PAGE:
26.  Keanu

Ahh, another R-rated comedy.  It wasn’t too long ago that these had almost completely fallen out of fashion.  And the The Hangover hit big and almost every comedy is now rated R.  Of course, each movie hits or misses based on its own merits and circumstances and the rating has very little to do with it (as was the case with Deadpool).

I was unsure about what those merits would be regarding Keanu.  Key and Peele are hit-and-miss with me and I generally find them amusing but not hilarious.  And I really only chose to see this one, this weekend, because I couldn’t get to a theater that was showing Green Room (that’s going to be a tough one for me to get to, with my upcoming schedule, but I’m going to try!).  So, I was ready for this one to go either way.

A fish-out-of-water buddy comedy, Keanu didn’t break too many conventions or reinvent the wheel.  And that’s okay.  Audiences go into these types of movies with certain expectations and those need to be met, at the very least.  I can confidently say that the marketing campaign was spot on for this one and you’re getting exactly what you signed up for.

As did I, for the most part.  Like I alluded to above, I was certainty amused for the duration of Keanu even if I wasn’t finding myself laughing hysterically.  Amusement is good, though.  I’ll take that.  There have certainly been many movies that in no way amused me and that’s rarely fun.  For what it’s worth, the crowd as a whole seemed to be laughing pretty consistently.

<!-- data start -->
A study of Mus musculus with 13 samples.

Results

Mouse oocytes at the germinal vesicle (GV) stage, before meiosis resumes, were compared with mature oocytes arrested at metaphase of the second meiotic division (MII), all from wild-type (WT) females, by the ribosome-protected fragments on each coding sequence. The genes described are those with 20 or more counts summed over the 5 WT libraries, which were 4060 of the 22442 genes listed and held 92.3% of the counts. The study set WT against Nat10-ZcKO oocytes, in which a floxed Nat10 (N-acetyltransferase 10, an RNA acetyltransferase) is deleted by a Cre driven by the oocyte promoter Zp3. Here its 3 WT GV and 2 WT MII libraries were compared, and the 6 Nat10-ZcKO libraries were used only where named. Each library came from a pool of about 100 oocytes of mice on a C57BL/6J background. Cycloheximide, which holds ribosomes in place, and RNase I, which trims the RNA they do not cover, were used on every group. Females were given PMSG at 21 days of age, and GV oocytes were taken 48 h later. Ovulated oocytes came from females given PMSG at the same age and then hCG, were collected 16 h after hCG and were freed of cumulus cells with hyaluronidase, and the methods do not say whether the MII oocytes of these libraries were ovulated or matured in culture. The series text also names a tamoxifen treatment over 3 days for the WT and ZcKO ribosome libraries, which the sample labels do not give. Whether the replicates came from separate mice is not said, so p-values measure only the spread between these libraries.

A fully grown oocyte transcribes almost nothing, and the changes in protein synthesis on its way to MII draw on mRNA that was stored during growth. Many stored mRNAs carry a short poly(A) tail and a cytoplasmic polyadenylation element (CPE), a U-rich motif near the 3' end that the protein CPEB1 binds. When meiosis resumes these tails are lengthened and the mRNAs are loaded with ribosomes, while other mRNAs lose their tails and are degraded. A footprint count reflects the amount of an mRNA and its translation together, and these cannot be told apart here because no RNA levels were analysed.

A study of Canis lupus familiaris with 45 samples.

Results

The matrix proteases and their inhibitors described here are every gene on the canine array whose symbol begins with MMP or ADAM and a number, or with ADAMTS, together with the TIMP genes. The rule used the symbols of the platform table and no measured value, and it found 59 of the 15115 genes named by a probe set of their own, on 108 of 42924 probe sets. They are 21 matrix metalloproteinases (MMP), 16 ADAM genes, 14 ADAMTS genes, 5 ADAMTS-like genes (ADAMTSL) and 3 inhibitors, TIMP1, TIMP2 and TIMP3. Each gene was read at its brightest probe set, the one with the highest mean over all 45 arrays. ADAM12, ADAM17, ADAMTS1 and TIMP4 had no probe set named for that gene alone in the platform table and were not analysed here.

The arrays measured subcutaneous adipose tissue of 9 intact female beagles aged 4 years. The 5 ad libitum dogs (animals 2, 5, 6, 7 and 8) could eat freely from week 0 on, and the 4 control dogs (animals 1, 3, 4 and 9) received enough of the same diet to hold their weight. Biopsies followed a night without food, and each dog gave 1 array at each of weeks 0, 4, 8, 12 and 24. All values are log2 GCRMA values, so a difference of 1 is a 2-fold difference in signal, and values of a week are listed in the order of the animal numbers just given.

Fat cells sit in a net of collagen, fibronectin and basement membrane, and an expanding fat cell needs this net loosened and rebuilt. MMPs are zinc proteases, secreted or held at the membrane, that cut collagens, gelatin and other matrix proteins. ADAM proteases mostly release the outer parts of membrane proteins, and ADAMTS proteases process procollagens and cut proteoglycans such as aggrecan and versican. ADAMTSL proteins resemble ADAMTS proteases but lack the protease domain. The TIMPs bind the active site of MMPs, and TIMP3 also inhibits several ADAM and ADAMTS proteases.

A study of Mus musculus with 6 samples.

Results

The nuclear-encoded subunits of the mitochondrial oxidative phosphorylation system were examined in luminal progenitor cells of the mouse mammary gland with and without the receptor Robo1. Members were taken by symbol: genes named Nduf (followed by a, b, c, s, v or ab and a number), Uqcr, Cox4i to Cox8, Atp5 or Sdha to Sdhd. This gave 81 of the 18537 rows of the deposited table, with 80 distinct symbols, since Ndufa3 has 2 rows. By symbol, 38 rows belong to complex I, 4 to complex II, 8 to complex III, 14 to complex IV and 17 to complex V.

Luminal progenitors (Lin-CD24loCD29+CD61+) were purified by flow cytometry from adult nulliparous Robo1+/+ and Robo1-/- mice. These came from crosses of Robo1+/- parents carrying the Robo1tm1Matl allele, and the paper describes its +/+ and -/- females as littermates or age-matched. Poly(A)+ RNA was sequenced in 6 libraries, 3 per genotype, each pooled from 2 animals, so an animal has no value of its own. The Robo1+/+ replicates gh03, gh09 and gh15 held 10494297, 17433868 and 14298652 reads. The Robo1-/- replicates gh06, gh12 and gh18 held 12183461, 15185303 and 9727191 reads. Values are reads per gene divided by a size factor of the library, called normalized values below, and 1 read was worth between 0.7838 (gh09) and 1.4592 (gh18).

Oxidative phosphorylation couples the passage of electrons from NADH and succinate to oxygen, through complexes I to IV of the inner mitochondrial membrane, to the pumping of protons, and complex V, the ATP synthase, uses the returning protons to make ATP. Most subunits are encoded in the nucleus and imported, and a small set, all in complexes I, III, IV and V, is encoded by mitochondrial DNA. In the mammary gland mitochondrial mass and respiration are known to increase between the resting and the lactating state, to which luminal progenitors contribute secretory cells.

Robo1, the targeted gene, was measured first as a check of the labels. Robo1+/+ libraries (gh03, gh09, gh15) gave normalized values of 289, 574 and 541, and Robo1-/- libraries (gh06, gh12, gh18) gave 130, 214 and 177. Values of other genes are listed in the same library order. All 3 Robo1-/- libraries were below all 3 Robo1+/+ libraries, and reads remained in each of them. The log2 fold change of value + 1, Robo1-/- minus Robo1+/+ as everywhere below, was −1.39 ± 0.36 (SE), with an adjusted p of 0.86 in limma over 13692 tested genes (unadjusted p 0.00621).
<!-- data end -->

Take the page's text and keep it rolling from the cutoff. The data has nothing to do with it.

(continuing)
What I was surprised to find was that, as I was watching the film, I was becoming increasingly invested in the characters.  The two primary protagonists are likable and relatable and easy to root for.  At one time or another, we all find ourselves lost and searching for a direction in life.  Like a piece of a jigsaw puzzle that can’t find its hole.  And that’s the motivation behind both Key and Peele’s characters.

In addition to that, the movie subtly makes the point that we are all complex human beings, capable of good and bad – capable of surprising not only others, but ourselves, if we are just willing to take the chance.

Seeing the characters discover more about themselves as the story progresses adds an unexpected layer to Keanu.  What I’m especially impressed with is the fact that the film manages to mix in these complexities without ever sacrificing comedy or momentum.  It never slams on the brakes to make a point or to pound an idea into the viewer’s head.  These ideas are present if you want to see them.  If not, the light tone never dissipates and the laughs keep coming.

Often funny, occasionally hilarious, and surprisingly deep, Keanu is a nice little gem of a comedy that supplies a strong alternative to the big-budget blockbusters that are poised to flood the marketplace through August.  I’m curious to see what Key and Peele do next and they’ve earned my ticket money for their next outing.